Dr. Kimberly B. Sherman is a member of the next wave of women’s historians. She is a historian, writer, and educator living in Wilmington, NC. She received her Ph.D. in Modern History from the University of St. Andrews. Her current book project is titled Intimate Worlds: Scottish families in early North Carolina and the Atlantic World.
You heard about her here first, folks. Take it away, Kimberly!
When did you first become interested in women’s history? What sparked that interest?
I think a lot of my interest in women’s history came right from my family. I’ve always said that spending time in my grandmother’s kitchen when I was little inspired my trajectory toward the field of history. She’d tell me stories about growing up in southeastern North Carolina as we made biscuits or cornbread together. Later on, when I actually got into studying history at university, I shied away from women’s history because I had been brainwashed with the idea that women were expected to do women’s history — so I resisted. In the end, I realized how distorted that mentality was and I fell headfirst into loving the field.
[Pamela butting in here: This statement tells me how far we have come in the last forty years: “ I had been brainwashed with the idea that women were expected to do women’s history.” I was blown away when I read that sentence. When I first began studying history, women’s history was brand new and controversial. Not only were women expected to do women’s history, but women were often warned away from it on the grounds that it might damage their careers. (I know of one woman whose dissertation committee asked “Isn’t that a little–soft?” when presented with her proposed topic.*) We have made more progress than we sometimes realize. Carry on.]
What do you find most challenging or most exciting about researching historical women?
One of the most challenging aspects is often the lack of sources written directly by women, especially from the eighteenth century and previous. So many women did not have the privilege of literacy or their personal documents have not been preserved in the same manner as the “great men” of history. So I guess that would be the silences of the archives and the challenge of sometimes having to read between the lines. At the same time, it can be incredibly thrilling when you find something you don’t expect!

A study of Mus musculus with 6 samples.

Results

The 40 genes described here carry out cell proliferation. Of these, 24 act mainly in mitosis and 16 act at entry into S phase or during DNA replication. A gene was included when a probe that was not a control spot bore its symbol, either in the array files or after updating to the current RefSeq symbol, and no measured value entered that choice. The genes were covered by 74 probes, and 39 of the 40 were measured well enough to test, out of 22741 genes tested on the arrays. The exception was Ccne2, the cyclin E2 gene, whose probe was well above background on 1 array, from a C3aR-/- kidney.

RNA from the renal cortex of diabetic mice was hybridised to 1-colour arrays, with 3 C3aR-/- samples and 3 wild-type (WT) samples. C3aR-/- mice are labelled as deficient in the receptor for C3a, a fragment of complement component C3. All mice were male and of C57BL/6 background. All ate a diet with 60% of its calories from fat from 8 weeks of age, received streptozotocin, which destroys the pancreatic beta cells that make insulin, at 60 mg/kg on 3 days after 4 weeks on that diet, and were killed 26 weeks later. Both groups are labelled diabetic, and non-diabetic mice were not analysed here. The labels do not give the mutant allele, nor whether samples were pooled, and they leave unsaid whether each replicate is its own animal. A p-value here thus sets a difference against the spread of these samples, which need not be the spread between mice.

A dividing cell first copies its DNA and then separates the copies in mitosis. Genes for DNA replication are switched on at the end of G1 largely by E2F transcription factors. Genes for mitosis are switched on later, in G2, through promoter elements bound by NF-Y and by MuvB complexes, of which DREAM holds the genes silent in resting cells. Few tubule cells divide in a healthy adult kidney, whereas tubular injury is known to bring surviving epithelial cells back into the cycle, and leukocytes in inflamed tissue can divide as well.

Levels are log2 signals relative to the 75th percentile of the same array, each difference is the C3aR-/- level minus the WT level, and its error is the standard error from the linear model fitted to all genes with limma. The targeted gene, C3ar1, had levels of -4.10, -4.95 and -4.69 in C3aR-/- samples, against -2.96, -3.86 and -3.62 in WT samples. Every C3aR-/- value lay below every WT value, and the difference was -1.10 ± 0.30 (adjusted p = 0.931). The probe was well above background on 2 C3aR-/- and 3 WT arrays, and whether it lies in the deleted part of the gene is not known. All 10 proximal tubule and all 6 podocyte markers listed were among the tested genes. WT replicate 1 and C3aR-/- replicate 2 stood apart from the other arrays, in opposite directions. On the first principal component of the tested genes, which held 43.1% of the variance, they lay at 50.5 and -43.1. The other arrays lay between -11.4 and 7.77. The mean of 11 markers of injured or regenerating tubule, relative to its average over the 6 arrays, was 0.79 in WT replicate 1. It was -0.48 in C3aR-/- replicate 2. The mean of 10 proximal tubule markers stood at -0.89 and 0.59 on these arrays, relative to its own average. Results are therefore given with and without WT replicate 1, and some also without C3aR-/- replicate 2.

What was the most surprising thing you’ve found doing historical research for your work?
Last summer I was conducting research as a fellow at the Winterthur Museum and Library in Delaware for a new project. After I had exhausted most of the collections I was interested in, I called up a volume that looked like it might be loosely related to my research on Scottish families in revolutionary North Carolina. It turned out to be a cyphering book (or mathematics exercise book) kept by a teenage girl from northeastern North Carolina in 1776. Every page of exercises was embellished with elaborate doodles and penmanship revealing a very political stance in support of revolution. It is a breathtaking volume and I can’t wait to uncover more about this young woman and her community!
And a question from Kimberly for Pamela: What do you think is the most under-researched topic or era in women’s history? What needs to be done?
The real answer is all of it! But if I have to chose: the most under researched topics are those related to women of color and non-elite women. I tiptoed into this area in Women Warriors because I wanted my global history to be truly global. It is challenging because even fewer traditional sources are available. But people are producing some exciting work in this field. Two recent examples I ‘m eager to get my hands on are A Black Women’s History of the United States by Daina Ramey Berry and Kali Nicole Gross and Rebel Cinderella: From Rags to Riches to Radical, the Epic Journey of Rose Pastor Stokes by Adam Hochschild. Exciting stuff!
Want to know more about Kimberly Sherman? Her writing may be found at www.kimberlybsherman.com .
*Feel free to growl, curse, or throw something.